988: Calling All Angels
I picked up my phone and dialed 988. A person named Angel answered the phone in a soft, calm voice. He said, “Hello, this is Angel. Thank you for calling 988. How can I help you?” I looked out over the crowded outdoor basketball court, rows of folding chairs stuffed with sweaty teenagers wearing t-shirts, shorts, and flip-flops. I said, “My name is Sarah and I’m with about 130 middle and high school students. I’m doing a training about mental health at a summer camp and letting them know about calling 988 for emotional support. I have you on speaker phone. Is that ok? Do you want to say ‘hello’?”
“That’s totally ok. Hello everyone! I’m so glad you are all learning about 988. This is a free, three-digit number that is available 24/7. It’s confidential and you can call anytime you are feeling lonely, need encouragement, and want support. We are here for you. We want to listen to you.”
As Angel spoke to the youth, my heart swelled. I loved that God gave us a real angel to answer this 988 call. I had already gotten permission earlier from a 988-hotline coordinator to call during my keynote as a demonstration, so I knew it would be ok. It’s just that I didn’t expect to get an angel on the other line. But that is exactly what 988 is for: it is a crisis support line rolling out across the United States on July 16, 2022, though it’s already activated now.
Mental health challenges and emotional distress are at an all-time high among all ages, cultures, genders, economic class, and abilities. Now there is a new resource to help. In addition to the national 911 number, this new number, 988, is specifically for mental health and emotional support or for people experiencing a mental health crisis, including suicide.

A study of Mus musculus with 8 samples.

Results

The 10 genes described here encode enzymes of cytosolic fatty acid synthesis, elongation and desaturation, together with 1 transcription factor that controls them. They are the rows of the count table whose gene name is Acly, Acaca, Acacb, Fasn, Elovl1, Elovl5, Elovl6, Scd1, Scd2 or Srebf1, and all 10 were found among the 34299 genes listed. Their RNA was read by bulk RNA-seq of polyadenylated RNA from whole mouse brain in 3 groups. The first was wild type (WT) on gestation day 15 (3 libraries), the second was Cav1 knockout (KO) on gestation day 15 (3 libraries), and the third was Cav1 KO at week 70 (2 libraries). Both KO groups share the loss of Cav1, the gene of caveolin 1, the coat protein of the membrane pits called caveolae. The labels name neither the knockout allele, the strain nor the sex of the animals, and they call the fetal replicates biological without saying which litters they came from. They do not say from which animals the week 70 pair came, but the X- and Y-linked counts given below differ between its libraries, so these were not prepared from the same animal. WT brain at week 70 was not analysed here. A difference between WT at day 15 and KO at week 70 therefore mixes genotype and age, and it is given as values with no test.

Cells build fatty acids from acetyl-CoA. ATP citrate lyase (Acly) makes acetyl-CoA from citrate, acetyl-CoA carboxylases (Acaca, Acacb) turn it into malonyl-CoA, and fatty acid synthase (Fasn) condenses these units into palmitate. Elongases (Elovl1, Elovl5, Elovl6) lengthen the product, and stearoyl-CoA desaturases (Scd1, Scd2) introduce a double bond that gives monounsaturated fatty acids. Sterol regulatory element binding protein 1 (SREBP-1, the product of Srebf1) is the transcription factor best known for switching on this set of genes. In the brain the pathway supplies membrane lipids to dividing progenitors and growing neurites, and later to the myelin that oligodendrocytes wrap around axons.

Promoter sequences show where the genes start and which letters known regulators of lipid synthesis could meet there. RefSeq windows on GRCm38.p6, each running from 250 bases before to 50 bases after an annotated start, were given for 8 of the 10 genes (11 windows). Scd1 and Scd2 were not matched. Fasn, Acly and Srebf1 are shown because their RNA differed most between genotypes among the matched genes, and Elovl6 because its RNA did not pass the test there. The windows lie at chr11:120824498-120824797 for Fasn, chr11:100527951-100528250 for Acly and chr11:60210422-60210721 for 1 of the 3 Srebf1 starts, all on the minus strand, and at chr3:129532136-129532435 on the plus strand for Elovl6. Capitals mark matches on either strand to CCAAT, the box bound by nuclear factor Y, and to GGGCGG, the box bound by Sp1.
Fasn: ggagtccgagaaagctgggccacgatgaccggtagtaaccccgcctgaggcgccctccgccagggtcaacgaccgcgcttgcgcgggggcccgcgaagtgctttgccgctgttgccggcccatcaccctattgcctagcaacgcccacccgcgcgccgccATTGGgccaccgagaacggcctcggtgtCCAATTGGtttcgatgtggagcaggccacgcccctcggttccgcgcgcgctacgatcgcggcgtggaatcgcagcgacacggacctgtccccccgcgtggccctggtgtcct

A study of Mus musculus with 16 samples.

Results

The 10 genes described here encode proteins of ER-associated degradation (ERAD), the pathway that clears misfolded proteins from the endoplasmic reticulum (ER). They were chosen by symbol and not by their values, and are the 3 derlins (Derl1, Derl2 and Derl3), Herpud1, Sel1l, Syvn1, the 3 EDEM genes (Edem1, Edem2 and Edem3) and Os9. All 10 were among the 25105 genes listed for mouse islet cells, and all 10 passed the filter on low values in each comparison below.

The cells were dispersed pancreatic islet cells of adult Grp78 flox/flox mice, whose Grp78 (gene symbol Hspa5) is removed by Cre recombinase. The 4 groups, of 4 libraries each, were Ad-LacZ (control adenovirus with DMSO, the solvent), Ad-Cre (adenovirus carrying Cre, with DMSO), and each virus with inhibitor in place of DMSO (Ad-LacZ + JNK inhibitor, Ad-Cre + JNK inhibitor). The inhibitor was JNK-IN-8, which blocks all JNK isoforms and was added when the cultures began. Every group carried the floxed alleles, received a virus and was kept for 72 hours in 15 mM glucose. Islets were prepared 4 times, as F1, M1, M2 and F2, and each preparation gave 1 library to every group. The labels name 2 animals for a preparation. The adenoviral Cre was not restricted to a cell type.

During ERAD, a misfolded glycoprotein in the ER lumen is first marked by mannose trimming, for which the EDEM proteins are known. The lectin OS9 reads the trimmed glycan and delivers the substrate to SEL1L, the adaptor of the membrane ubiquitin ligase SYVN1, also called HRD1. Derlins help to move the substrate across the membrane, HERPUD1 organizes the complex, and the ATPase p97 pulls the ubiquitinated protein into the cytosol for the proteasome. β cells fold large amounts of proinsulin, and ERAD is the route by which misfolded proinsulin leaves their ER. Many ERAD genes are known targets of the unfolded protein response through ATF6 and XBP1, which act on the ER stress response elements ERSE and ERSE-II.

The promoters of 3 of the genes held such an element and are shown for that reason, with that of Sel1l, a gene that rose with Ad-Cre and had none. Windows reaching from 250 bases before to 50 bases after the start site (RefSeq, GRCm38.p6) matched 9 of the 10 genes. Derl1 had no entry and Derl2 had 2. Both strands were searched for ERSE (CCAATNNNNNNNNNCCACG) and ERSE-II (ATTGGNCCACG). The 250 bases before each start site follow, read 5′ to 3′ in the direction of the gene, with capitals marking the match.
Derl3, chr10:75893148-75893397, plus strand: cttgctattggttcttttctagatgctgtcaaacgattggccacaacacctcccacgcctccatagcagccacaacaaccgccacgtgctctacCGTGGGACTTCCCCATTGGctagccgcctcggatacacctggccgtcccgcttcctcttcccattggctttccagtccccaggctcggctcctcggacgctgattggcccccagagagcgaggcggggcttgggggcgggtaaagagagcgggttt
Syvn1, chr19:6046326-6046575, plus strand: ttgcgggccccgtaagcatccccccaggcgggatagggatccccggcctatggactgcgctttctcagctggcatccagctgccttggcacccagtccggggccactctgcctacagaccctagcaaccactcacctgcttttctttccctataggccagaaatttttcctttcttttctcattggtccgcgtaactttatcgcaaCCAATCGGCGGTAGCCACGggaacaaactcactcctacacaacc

Anyone can call 988, either for yourself or for someone else. Services are offered in both English and Spanish. Help spread the word about this new resource by announcing it in your worship bulletins, newsletters, and social media.
As people of faith, we can help share the good news that we need not suffer in silence and isolation. At times when we feel the most lonely, afraid, overwhelmed, and in despair, there is an angel just a phone call away. This resource is also for ministers, chaplains, pastors, lay leaders, and care giving professionals, because, let’s be honest, we need help, too. There are some days when we do feel completely overwhelmed and not sure how we are going to make it. When you are feeling that way, don’t hesitate to call 988.
Angel told the youth that there’s no shame in calling 988 and asking for help. He said for them to call anytime, that someone would be there to help them no matter what. This sounds like the kind of God I know—a compassionate presence there for us no matter who we are, or where we are on life’s journey. The Psalmist says that God asks the angels to protect, guard, and watch over us in all our ways, wherever we go (Psalm 91:11). If you are looking for ways to be God’s angel to a neighbor in need, consider signing up to be that reassuring voice on the other side of the phone. There is a need for volunteers and paid workers to support this new national resource. To learn more, check here https://www.samhsa.gov/find-help/988/jobs.
ABOUT THE AUTHOR
Rev. Dr. Sarah Lund is the Minister of Disabilities and Mental Health Justice for the United Church of Christ.